April 7, 2020 News & Reports

By David Altaner

  • Conference of state regulators’ influence called non-transparent
  • Potential break on €5m deposits not sufficiently disseminated
  • Some operators may welcome continuation of limbo

German sports-betting licensing was blocked largely due to the shadowy involvement of a committee of 16 state regulators, according to court statements released on Monday, in a ruling the Darmstadt Council said it will appeal. 

A spokesman for that licensing body said it will appeal a ruling last week that halted it processing applications over complaints the process was opaque and discriminatory.

The Darmstadt Administrative Court stopped the process in part because the Glücksspielkollegium, or conference of 16 state regulators, is involved in the licence awarding process in a way that has not been described in “a sufficiently transparent and comprehensible manner”.

This lack of clarity over the group’s involvement comes even though the Darmstadt Council in the German state of Hesse is bound by its verdicts, according to a press release issued by the court on Monday. The ruling itself is not yet available.

Germany has been struggling for more than a decade to pass country-wide online gambling legislation that remains in effect. Successive court rulings have routinely meant legislation could not be enforced.

This latest order to halt issuing licences raises the prospect that no licences of any kind will be issued until a new sports betting and online casino licensing regime planned for July 2021 launches.

One law professor said the court’s ruling rests on administrative procedure.

“The entire licensing process has come to a halt and as far as I can tell needs to start from the beginning, therefore enabling foreign competitors to enter the German betting market by obtaining a licence,” said Julian Krüper, who teaches law at Ruhr University, Bochum and said he had seen an executive summary of the decision. 

Gambling attorney Wulf Hambach said it seems clear that the court was referencing a High Court decision from October 2015 that blocked the previous treaty — a decision which also sharply criticised the lack of transparency surrounding the Glücksspielkollegium’s involvement in the application process.

“Therefore the root of the problem is not the competent gambling authority in Hesse, but it is more a systematic problem of the Interstate Treaty and the way the 16 gambling regulators are organised in the Glücksspielkollegium,” Hambach said.

“Only if you change this system and only if you find a licence application solution outside of the committee’s competence” will the process be able to move ahead without challenge, he said.

Schleswig-Holstein, the state which launched its own breakaway licensing programme some years ago, has “successfully shown how to issue dozens of online gambling licences in the past ten years without involving the gambling committee”, he said.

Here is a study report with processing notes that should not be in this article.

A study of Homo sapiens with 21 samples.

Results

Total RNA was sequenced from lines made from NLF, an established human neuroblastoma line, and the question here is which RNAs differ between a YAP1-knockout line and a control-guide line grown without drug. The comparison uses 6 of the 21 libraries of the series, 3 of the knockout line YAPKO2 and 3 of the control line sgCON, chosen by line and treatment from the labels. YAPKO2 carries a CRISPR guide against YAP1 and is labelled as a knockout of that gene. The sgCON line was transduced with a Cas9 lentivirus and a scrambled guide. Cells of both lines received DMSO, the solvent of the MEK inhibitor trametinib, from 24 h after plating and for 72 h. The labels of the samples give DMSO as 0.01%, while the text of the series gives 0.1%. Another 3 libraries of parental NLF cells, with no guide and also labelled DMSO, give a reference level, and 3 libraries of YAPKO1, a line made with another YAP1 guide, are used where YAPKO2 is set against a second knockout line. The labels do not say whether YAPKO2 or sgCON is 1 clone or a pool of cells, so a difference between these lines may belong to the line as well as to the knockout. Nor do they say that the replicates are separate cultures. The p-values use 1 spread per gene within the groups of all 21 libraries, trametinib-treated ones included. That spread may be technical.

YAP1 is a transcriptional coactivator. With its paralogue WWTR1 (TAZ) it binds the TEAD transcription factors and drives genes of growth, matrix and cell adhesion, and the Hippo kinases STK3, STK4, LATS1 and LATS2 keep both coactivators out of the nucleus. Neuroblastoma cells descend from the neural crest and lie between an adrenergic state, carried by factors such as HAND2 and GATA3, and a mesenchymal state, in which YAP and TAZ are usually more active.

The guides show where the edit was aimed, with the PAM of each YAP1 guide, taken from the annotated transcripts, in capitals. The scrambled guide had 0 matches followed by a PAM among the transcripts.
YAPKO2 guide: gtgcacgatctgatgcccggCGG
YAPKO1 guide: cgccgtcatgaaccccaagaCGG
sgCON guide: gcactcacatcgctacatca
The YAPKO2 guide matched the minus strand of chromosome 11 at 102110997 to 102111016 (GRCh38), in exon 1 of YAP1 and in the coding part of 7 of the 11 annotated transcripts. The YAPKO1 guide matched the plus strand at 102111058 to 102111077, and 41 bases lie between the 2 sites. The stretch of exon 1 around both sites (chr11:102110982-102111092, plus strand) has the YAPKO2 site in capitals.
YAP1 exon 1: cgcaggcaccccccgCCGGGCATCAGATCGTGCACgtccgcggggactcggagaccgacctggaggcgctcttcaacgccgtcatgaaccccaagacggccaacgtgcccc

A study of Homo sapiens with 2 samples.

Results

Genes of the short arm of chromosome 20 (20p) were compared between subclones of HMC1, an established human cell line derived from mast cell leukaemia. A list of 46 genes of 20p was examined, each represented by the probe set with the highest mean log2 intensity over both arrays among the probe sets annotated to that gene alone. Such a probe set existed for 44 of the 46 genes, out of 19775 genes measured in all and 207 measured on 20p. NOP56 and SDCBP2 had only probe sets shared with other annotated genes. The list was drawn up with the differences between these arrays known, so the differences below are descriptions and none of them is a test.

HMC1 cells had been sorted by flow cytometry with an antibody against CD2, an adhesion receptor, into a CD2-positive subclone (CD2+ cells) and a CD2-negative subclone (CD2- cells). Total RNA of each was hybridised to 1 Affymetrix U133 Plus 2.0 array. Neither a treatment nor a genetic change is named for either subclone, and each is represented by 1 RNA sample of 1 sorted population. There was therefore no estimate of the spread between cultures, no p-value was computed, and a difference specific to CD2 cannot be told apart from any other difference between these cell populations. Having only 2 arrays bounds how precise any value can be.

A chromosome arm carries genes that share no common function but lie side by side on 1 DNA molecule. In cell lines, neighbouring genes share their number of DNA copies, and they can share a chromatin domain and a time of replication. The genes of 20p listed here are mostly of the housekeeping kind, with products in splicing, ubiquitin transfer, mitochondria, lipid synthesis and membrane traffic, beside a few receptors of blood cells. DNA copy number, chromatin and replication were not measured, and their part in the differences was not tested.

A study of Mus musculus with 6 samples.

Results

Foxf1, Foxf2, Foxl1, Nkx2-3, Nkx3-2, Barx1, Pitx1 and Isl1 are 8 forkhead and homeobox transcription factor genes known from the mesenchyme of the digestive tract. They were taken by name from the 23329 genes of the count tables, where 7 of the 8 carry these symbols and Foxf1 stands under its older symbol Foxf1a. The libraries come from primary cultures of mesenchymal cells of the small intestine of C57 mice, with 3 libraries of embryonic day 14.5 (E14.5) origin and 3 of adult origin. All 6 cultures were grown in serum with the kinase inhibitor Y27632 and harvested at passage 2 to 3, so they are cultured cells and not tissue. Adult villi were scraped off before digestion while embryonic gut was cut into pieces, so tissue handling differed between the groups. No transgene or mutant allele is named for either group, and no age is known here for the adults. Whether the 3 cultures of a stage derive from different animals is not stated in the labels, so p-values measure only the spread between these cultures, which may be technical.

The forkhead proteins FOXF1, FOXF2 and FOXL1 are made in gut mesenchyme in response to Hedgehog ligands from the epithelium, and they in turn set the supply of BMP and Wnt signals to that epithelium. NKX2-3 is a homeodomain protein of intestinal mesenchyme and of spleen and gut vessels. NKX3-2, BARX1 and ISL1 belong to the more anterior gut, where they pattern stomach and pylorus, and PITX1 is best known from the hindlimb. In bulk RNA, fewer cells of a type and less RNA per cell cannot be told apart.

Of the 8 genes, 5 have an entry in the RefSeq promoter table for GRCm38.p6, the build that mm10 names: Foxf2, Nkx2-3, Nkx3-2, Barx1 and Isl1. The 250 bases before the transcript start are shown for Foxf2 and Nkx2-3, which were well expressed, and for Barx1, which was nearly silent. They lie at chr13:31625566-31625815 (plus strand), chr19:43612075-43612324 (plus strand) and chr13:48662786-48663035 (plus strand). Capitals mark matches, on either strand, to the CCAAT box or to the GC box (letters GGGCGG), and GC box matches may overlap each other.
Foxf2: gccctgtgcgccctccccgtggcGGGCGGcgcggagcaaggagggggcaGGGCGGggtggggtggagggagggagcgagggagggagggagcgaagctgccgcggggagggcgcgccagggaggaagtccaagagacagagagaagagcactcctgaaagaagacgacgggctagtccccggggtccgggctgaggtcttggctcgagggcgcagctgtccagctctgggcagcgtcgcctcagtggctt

In its complaint, the Austrian bookmaker that brought the case, Vierklee, also argued that competitors which received earlier notice of the opportunity to apply for a licence had an unfair advantage, according to the court’s statement.

The Darmstadt Council issued invitations to an information seminar in August 2019, mostly on its own website, a way which disadvantaged operators in other parts of the European Union, the Austrian operator argued. 

The court also considered the bookmaker’s argument that not all applicants were clearly informed that it was possible to seek a break from requirements to post a €5m security deposit, the press release said.

The decision last week dismayed the German Sports Betting Association (DSWV), which called it a “serious blow” to its members.

But some operators will be happy that the licensing process has stalled, “because if they do not get a German licence they also do not get the restrictions that come with a German licence”, said Christoph Engelmann, an attorney with DLA Piper in Hamburg.

It could take months or even years until court proceedings finish, he said

To lodge an appeal, the council needs to have applied to the Hessian Administrative Court in Kassel within two weeks of the delivery of the ruling, and a spokesman said the council is planning to do so. 

This transitional legislation had led to almost 50 operators applying for a licence by the end of February, the council said at the time.

Of 100 warned about doing business without a licence, at least ten had pulled out of the market, it said.